John Polkinghorne, RIP


Revd Canon Dr John Polkinghorne KBE FRS

It is with great sadness that we announce that the Revd Canon Dr John Polkinghorne KBE FRS, Honorary Fellow of St Edmund’s, died in Cambridge on 9th March 2021.

Dr Polkinghorne made huge contributions to the science-religion field during his long and fruitful life, through his numerous books and lectures, and through his effective nurturing of a younger generation of scholars. Dr Polkinghorne was a warm friend and supporter of The Faraday Institute since their foundation in 2006, serving for many years on their Advisory Board, at which time he was made an Honorary Fellow at St Edmund’s.

The Master, Catherine Arnold OBE, said: “Although I did not have the opportunity to meet Dr Polkinghorne, since becoming Master, his presence in our community was felt deeply by those who had the pleasure to know him and study with him. I recall his inspiring lectures when I was an undergraduate and the importance of his publications to generations of scholars and those interested in the intersection of science and religion. He will be greatly missed.”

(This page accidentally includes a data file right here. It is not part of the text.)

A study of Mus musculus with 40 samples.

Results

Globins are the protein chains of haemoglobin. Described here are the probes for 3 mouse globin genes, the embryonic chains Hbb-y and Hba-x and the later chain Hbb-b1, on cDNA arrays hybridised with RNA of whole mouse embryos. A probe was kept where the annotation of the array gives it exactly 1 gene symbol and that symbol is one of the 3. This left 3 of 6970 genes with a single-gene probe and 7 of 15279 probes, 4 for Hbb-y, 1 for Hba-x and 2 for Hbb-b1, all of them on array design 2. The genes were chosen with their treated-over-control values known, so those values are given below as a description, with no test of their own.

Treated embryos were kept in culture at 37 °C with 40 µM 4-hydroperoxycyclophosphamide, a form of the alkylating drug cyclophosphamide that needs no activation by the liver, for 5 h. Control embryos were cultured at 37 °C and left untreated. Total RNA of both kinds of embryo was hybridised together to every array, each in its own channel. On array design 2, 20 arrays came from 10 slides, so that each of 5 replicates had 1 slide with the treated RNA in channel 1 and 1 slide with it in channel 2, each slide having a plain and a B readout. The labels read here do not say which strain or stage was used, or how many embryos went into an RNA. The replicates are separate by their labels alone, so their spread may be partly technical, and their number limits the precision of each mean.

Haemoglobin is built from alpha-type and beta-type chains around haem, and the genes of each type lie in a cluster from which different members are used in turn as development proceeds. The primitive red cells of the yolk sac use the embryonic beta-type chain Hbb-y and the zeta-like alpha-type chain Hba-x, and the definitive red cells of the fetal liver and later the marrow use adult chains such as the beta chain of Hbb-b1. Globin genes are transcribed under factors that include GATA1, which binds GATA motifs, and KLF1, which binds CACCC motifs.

Dr Polkinghorne was Professor of Mathematical Physics at the University of Cambridge from 1968, resigning his chair in 1979 to study for the priesthood, becoming an ordained Anglican priest in 1982. After service as an Anglican Curate, he became President of Queens’ College, Cambridge, from 1989-1996. He was knighted in 1997.

Dr Polkinghorne was a key figure in the founding of the International Society for Science and Religion in 2001 and was its Founding President 2002-2004. In 2002 he was awarded the prestigious Templeton Prize and in 2011 played an important role in securing an endowment for the Starbridge Lectureship in Science and Religion in the Cambridge Faculty of Divinity. Dr Polkinghorne was also the Chairman of several Committees offering advice to Government on ethical and social issues related to new developments in science and technology, for example Chairman of the Advisory Committee on Genetic Testing (1996-1999).

Those interested in Dr Polkinghorne’s perspectives on science and religion will find many of his filmed lectures posted on this web-site. In addition, two of the Faraday Papers (Nos 1 and 4) are by Dr Polkinghorne and are available for free-download from the Faraday Institute’s website.